From Scholastic Art, December 2000/January 2001
A young boy dressed in costume of a renaissance prince or nobleman.
He included pieces associated with childhood games, such as jacks & marbles. (bingo game, compass, clock spring)
Medici Slot Machine
The “sad clown” figure resembles a stock character in the Commedia Dell’ Arte, a 16th Century Italian entertainment.
Cornell’s own life was very restricted and “boxed in.” Because of his family responsibilities, he had few opportunities to travel or socialize. Instead, he placed his dreams into his boxlike assemblages. (Maybe for safe keeping?)
Habitat Group for a Shooting Gallery, 1943
A dovecote is a large bird house designed for keeping domestic pigeons or doves. Forgotten Game is a wooden box with round holes, inside each hole is the image of a bird on a perch.
A ball can be made to roll down a ramp inside the box and strike a bell.
The setting suggests an empty cage, or a recently vacated prison cell. The perch is empty, the framed area resembles an open window.
Toward the Blue Peninsula (for Emily Dickinson), 1953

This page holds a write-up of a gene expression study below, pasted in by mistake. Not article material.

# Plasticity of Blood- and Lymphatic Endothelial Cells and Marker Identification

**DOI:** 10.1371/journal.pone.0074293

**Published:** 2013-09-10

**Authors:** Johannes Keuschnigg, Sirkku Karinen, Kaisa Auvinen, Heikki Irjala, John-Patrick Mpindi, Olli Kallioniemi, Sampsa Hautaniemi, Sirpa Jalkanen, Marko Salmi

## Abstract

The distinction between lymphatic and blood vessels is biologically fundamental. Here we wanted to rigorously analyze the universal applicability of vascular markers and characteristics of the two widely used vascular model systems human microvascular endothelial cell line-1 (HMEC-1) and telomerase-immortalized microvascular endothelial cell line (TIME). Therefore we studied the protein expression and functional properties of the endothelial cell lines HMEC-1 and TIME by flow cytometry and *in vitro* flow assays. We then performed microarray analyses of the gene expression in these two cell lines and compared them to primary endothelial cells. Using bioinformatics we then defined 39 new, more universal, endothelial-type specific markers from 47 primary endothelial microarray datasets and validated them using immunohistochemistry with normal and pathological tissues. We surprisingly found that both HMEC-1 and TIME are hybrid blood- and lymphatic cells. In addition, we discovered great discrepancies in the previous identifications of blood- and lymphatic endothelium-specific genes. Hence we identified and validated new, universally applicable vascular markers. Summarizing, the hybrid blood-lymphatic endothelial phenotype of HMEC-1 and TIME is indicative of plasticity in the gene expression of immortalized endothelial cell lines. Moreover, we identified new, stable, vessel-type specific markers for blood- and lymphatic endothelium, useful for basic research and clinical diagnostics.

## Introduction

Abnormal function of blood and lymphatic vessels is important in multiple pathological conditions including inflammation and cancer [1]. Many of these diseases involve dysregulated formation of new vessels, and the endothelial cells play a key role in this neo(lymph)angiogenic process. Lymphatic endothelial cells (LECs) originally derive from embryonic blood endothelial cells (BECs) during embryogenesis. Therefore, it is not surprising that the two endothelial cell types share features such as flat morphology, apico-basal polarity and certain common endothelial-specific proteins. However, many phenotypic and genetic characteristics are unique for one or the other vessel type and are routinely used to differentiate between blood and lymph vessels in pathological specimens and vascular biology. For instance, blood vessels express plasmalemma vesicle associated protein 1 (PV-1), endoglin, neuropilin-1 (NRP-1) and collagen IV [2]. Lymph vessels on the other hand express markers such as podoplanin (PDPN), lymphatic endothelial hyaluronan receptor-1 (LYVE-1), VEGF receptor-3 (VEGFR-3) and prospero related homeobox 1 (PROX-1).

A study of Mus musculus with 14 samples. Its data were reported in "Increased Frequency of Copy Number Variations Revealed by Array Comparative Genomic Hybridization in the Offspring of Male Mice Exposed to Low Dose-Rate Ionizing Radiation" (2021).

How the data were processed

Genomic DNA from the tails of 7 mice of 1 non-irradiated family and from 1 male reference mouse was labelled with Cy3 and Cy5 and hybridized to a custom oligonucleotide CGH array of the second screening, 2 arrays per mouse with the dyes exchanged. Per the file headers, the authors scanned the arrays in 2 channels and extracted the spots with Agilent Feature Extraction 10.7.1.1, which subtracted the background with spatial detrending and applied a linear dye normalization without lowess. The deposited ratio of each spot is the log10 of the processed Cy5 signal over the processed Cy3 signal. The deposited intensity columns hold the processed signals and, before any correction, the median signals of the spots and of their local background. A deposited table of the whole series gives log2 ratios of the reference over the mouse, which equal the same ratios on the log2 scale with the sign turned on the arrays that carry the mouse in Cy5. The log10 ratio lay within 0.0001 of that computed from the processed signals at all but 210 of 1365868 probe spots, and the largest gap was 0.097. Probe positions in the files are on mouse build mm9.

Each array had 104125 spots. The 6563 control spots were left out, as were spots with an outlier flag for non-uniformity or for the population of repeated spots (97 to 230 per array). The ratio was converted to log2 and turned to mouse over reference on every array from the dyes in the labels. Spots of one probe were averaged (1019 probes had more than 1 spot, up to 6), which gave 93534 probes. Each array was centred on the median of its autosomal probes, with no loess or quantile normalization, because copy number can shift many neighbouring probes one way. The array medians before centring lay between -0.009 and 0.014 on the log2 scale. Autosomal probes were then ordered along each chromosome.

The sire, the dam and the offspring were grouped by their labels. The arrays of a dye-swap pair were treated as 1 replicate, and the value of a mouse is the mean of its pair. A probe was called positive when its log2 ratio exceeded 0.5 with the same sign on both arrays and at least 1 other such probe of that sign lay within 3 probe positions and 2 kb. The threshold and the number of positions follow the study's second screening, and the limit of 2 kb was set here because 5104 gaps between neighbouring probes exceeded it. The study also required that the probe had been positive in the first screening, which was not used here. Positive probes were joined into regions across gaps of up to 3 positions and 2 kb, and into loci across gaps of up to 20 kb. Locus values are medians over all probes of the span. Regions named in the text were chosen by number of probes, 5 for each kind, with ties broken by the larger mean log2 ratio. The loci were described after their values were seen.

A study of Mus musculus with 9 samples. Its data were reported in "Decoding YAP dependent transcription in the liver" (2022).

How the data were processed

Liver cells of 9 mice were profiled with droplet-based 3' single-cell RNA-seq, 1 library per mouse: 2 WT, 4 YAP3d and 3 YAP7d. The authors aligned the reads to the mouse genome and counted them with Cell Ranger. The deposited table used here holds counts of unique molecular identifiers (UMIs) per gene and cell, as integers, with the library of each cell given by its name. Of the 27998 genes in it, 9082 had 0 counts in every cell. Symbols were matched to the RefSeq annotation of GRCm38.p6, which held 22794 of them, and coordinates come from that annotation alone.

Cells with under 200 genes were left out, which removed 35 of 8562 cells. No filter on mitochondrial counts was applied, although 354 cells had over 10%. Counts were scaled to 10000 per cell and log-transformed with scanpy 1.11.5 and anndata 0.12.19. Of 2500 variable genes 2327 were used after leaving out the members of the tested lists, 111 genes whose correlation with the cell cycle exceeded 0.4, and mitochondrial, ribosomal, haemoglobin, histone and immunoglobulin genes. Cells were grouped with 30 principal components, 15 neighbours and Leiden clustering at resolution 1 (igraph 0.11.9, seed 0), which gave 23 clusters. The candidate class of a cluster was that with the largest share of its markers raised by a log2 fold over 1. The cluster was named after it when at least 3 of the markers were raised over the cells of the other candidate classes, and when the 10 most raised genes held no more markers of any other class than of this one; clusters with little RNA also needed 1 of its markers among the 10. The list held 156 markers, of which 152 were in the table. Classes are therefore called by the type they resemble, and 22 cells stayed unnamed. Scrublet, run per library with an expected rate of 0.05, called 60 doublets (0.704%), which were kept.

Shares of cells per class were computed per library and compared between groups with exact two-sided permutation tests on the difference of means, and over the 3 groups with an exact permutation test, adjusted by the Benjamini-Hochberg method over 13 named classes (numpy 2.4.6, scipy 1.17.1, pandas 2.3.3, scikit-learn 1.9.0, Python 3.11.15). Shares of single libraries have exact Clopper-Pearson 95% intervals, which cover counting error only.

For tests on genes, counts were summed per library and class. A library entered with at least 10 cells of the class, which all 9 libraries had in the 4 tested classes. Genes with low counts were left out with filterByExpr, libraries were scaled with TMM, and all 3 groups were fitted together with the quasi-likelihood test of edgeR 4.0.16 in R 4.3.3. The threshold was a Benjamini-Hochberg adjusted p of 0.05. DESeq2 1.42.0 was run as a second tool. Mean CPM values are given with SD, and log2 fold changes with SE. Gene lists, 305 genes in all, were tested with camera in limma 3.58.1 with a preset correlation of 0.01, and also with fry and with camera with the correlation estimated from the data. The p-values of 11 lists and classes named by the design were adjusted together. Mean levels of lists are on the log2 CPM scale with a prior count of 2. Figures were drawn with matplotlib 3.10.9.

The four images of tropical birds are numbered as though indicating how many points will be earned for killing them. The shattered glass suggests invasion by a bullet or a thrown rock. Spatters of red suggest blood. Bits of feathers are strewn on the bottom of the box.
The elegant Renaissance palace has been placed in a nighttime setting, surrounded by a glittering frame resembling snow. Lights seem to shine from within the windows, while people and carriages line up in front.
Cornell creates a sense of the isolation and alienation of being alone in a hotel room in an unfamiliar city.
Cornell makes Bacall’s portrait the focal point, but places it behind glass. It is visible but untouchable. He uses images most people have access to only through fan magazines.
Rauschenberg uses a box format incorporating found objects. He also includes words, a drawing, and bird-like imagery. His style differs because he placed his bird’s wings on the outside, making the box appear to fly. Cornell’s works were confined to a box.
Samara’s “childhood objects” are the things children are not allowed to play with: knives, razor blades, pins, nails. These objects give his work a menacing, dangerous quality. Cornell’s found objects usually convey a certain warm nostalgia, or wistfulness for childhood days” jacks, marbles, game pieces, and small toys.